Wall Street’s Oligarchy

An important aspect of the stock market that’s not often discussed is how much of Wall Street is an oligarchy. By that, I don’t mean economic inequality.

Rather, I mean that with investing, Wall Street is comprised of a small number of stocks that are very, very large, and several thousand stocks that are tiny.

Here are some rough numbers: The market cap of the S&P 100 makes up about 62% of the market cap of the S&P 500. So one-fifth of the number of stocks is worth more than three-fifths of the entire index. The smaller four-fifths comprise the remaining two-fifths.

The S&P 500 makes up about 77% of the entire value of the Wilshire 5000. Despite its names, that index has 3,663 stocks. From that, we can say that the S&P 100 is about half of the Wilshire 5000. The remaining 3,563 make up the other half.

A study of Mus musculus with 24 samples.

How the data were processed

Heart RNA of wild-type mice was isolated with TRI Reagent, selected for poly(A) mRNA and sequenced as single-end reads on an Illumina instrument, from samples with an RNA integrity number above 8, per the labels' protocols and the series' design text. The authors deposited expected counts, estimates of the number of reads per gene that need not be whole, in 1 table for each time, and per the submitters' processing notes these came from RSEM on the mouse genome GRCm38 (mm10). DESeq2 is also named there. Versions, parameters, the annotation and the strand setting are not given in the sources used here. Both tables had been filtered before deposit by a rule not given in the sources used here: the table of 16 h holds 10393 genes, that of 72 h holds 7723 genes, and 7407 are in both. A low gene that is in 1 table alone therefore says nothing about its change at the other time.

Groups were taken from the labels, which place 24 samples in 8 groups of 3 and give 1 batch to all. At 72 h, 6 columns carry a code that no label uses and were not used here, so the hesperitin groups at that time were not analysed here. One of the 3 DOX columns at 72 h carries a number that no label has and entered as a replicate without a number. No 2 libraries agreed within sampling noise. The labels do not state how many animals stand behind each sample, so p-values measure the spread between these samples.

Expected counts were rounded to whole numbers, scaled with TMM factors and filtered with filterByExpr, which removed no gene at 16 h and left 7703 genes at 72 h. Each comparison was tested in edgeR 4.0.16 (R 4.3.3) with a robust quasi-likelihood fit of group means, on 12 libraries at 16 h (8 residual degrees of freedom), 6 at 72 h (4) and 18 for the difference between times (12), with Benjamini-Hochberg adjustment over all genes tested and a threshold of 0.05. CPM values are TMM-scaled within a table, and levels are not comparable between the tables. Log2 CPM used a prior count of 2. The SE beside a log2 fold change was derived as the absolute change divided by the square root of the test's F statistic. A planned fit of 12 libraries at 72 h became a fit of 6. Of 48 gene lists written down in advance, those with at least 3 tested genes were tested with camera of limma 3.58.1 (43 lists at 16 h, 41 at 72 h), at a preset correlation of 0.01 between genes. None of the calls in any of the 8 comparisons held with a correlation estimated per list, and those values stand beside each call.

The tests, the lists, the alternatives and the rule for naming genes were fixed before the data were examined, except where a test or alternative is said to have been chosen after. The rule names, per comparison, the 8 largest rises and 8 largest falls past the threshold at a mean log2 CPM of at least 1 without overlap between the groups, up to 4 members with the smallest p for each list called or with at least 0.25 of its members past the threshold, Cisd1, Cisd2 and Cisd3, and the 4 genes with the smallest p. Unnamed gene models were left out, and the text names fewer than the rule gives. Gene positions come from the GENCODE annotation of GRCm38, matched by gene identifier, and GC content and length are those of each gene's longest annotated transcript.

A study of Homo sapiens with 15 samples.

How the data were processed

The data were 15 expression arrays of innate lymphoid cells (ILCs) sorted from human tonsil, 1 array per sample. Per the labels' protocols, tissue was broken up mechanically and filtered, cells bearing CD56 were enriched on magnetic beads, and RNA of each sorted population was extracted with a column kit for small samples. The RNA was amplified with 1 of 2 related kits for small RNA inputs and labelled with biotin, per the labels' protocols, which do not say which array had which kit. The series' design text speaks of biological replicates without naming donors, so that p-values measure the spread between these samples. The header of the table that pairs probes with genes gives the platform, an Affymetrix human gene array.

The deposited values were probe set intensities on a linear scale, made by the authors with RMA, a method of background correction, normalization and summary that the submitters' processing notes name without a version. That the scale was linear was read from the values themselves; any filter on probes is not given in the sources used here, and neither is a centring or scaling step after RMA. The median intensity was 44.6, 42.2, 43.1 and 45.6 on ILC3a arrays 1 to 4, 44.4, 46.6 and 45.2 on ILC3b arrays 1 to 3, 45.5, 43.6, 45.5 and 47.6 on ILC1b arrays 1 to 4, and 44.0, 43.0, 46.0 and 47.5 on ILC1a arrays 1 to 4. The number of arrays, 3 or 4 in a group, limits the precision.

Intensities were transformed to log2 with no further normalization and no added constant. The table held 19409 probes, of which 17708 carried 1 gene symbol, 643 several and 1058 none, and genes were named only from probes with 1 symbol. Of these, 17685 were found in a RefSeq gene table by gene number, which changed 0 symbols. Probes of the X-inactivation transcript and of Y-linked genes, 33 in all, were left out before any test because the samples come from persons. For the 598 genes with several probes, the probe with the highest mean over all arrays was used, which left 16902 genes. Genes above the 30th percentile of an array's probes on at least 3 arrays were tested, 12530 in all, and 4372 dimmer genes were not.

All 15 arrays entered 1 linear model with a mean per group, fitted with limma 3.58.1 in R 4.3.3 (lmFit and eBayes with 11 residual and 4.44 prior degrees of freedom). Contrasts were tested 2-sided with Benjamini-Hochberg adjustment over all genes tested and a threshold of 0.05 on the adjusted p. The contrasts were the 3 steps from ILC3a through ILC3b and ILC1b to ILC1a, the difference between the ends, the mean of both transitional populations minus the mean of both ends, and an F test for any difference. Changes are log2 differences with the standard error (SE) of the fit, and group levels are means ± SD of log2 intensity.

Note that these numbers aren’t precise, but many companies own shares in others (think Berkshire Hathaway). Despite this, I think these are reasonable estimates of the effect large stocks have.

The truth is that if you choose wisely, you can mimic the entire market with a surprising degree of accuracy by using only a few stocks.

Posted by on April 24th, 2014 at 12:37 pm

The information in this blog post represents my own opinions and does not contain a recommendation for any particular security or investment. I or my affiliates may hold positions or other interests in securities mentioned in the Blog, please see my Disclaimer page for my full disclaimer.